Vivienne Gunning
24 Apr

Palermo, the city that always keeps me on my toes with its mix of love and frustration, surprised me yet again on my final morning before heading to Agrigento. A passing mention of thousands of impeccably dressed mummies beneath a monastery piqued my curiosity.

Could such a thing be real? Determined to find out, I embarked on a personal quest to locate the Capuchin Catacombs at The Church of Santa Maria Della Pace. The reality surpassed any expectations I had. Stepping into the cool, dark, tranquil catacombs, I navigated a maze of quiet corridors with rows of mummified figures. For hours, I was lost in awe and with respectful admiration. 

It felt as if my capacity to absorb everything I saw and every emotion I had, was just too small. Once again, I realised how little we know of the wonders of this world, the history, and the lives of people before our generations. Was these Catacombs a dream of eternal life? 

However, the catacombs gradually expanded to accommodate members of all social levels, from nobles to professionals. These were dressed in contemporary and professional attire. Being entombed there became a mark of status, resulting in a diverse array of individuals preserved for eternity. According to legend, the family had to pay regular contributions. As long as contributions continued, the body remained in its proper place, but if relatives stopped sending money, the body was put aside on a shelf until they resumed payments. 

The corridors were divided into categories for men, women, virgins, children, priests, monks, and professionals. Some stood upright, while others rested in niches or behind glass cases. Each one seemed to whisper a story, offering a glimpse into the lives and traditions of Palermo's people over the centuries. The Capuchin Catacombs are home to around 8,000 corpses and 1,252 mummies (as stated by the last census made by EURAC in 2011) * preserved in varying states of decay. The preservation techniques are as fascinating as they are macabre. Initially intended as a resting place for Capuchin friars, preserved with their everyday clothing and sometimes with ropes. In 1871 Brother Riccardo was the last friar interred in the catacombs. 

Most of the bodies underwent natural mummification. After death, they were taken to a preparation room called the 'colatoio,' where internal organs were removed and replaced with straw or bay leaves to aid dehydration. The dry Sicilian air and unique catacomb conditions further contributed to their preservation, with some bodies remarkably intact while others have decayed over time, adding to the eerie ambience. These preservation techniques, both fascinating and macabre, are a testament to the ingenuity and cultural practices of the time.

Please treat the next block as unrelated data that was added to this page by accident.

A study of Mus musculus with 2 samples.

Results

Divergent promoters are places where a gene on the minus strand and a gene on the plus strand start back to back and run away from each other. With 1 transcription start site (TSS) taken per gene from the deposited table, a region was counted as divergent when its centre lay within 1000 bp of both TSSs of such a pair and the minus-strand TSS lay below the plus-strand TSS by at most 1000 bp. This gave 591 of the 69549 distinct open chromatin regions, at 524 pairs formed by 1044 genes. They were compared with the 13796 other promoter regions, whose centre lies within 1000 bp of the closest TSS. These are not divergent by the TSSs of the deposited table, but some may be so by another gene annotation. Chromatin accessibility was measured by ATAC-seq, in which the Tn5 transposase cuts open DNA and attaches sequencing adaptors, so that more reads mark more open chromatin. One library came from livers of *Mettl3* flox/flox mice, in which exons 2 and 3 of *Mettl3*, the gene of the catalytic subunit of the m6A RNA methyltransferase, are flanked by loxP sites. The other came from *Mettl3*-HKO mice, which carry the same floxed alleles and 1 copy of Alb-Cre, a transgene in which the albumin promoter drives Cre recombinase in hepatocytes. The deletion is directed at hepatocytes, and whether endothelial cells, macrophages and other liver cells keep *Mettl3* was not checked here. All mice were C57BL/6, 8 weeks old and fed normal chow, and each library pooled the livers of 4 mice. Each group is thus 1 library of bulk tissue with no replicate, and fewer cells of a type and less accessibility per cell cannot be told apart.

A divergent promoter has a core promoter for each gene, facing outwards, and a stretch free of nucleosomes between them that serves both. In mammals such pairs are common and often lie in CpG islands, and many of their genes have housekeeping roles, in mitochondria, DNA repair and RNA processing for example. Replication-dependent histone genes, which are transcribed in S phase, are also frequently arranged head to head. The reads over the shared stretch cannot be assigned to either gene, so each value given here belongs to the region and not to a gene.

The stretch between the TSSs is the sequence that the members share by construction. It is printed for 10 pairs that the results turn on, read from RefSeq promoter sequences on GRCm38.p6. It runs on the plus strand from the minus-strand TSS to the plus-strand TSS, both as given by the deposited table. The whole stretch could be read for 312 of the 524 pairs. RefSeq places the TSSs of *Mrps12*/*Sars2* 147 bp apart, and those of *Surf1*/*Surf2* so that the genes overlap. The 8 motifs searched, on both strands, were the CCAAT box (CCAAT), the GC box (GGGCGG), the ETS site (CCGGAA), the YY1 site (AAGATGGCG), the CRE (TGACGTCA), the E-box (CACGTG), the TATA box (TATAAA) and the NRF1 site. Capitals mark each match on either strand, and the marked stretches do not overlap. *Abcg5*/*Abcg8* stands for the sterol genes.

The last burials in the Capuchin Catacombs date back to the 1920s and 1930s. One notable interment from this period is that of Rosalia Lombardo, who died of pneumonia and was only nearly two years old at the time of her death. Her father, a nobleman, was so sad when she died and commissioned a taxidermist, Professor Alfredo Salafia, to embalm her so that she would live forever. Remarkably, her body remains well-preserved to this day, thanks to a procedure performed by Professor Salafia. His preservation method involved several steps: formalin to eliminate bacteria, alcohol to aid in drying the body, glycerine to prevent excessive drying, salicylic acid to combat fungi, and most importantly, zinc salts (specifically zinc sulphate and zinc chloride) to provide rigidity to the body. 

I have a lot of respect for Sicilians, where death has always been part of life. I also refer to my blog about the beautiful Certosa Cemetery in Messina, Sicily. "Enchanted Stones: A Journey Through Certosa Monumental Cemetery, Messina, Sicily"

Visiting the Capuchin Catacombs wasn't a morbid or depressing experience for me. Instead, it served as a stark reminder of our mortality and the enduring nature of the human soul in contrast with the short-lived physic. In awe and with respectful admiration, it felt as if my capacity to absorb everything I saw and every emotion I had was just too small. Once again, I realised how little we know of the wonders of this world, the history, and the lives of people before our generations. To observe these soulless bodies should be embraced when exploring Sicily’s rich history and culture was an endearing, special feeling. “And for centuries, many Sicilians were using mummification to make sure there was a constant relationship between life and death.” — Dario Piombino – Mascali, who are the leading Anthropologist on the Sicily Mummy Project  

On this blog, I have not used any personal photos to adhere to the rules since they are prohibited. Instead, I've reached out to the catacombs' authorities to seek permission to incorporate specific photos into my blog. This approach ensures that I'm respecting everyone's rights.

Photo credit: *

* The email will not be published on the website.